6 Photography Books You Need on Your Coffee Table
Are you reputed for your good taste?
When guests enter your home for the first time, do their eyes widen, wondering if they’ve been deceived into walking onto the set of a Dwell magazine shoot?
Is the artwork gracing the walls of your home ripped from the lesser galleries of a world-class modern art museum — or, at the very least, convincingly disguised as such?
If you’ve answered a resounding “no” to all three of these questions, don’t fret. It doesn’t take much to turn around guests’ perceptions — certainly not the minor fortune required to source the requisite originals.
Instead, turn to these six absolutely stunning photography books. Each has a place on your coffee table. Perhaps you can find room for all six.
- Understanding Exposure (Bryan Peterson)
Understanding Exposure is perhaps the definitive photography book for amateur lenspeople. More of a how-to than a here’s-this, it nevertheless brims with beautiful photographs that will keep your guests talking well into the night. Make sure to pick up the third edition, which covers the more or less current state of the art.
- Angels (Russell James)
Featuring model Elena Matei and a host of other household names, Angels is the gold standard for single-subject human interest photography. Per James’ website, the Angels collection has “become an iconic representation of beauty and sensuality that is unparalleled in popular culture.” Deservedly so.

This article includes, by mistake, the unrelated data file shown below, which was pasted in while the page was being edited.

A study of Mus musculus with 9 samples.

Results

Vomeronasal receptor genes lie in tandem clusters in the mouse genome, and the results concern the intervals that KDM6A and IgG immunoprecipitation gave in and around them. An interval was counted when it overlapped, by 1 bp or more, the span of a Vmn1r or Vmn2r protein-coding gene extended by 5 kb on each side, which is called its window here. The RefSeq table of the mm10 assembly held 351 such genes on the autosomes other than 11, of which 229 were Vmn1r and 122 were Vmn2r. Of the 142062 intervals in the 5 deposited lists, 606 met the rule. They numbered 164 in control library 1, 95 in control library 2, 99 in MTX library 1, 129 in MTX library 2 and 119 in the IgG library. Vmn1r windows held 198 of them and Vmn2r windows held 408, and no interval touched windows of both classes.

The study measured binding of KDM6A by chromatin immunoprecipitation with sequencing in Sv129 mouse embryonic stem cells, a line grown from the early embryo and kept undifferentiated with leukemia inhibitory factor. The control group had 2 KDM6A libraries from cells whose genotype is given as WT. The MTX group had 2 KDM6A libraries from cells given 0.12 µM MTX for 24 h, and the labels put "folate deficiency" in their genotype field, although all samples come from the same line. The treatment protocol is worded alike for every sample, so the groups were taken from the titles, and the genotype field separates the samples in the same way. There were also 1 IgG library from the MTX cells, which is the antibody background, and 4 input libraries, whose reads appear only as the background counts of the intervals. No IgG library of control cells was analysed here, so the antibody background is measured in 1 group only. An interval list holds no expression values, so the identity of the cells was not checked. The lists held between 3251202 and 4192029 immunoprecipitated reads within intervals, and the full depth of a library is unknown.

- Learning to See Creatively (Bryan Peterson)
The second Peterson entry on our list does not disappoint. Few books have done more to democratize the art and science of photography than Learning to See Creatively; many successful photographers credit it with raising their aspirations and broadening their horizons. Your guests will probably agree.
- Humans of New York (Brandon Stanton)
If your sole familiarity with the stunningly successful Humans of New York series is the insta-classic Facebook meme series (and associated website), you’ve got a lot left to discover. Pick up the book for the original, definitive set of, well, humans of New York — and see how many guests double-take at the hard copy.
- National Geographic Stunning Photographs (Anne Griffiths)
There’s landscape photography, and then there’s Landscape Photography. This is the latter — perhaps the most ambitious and arresting collection of natural scenes in hardcover since the first Ansel Adams compilation. You could devote an entire dinner party to this book alone.
- Feast for the Eyes: The Story of Food in Photography (Susan Bright)
Speaking of dinner: Feast for the Eyes is a pang-laden ode to sumptuous visual feasts, a cornucopia of lovingly arranged food photography. The best part: your diet needn’t hold you back.
Spark the Conversation
At the end of the day, great photography books are all about conversation. You don’t have to be a connoisseur of the lens and shutter to recognize great art when you see it. Nor need you an art history major’s vocabulary to discuss aesthetic matters knowledgeably.
And neither do your guests. So, pick up one or more of these books on your next trip to the bookstore (or visit to Amazon, let’s be real) and get the conversation started.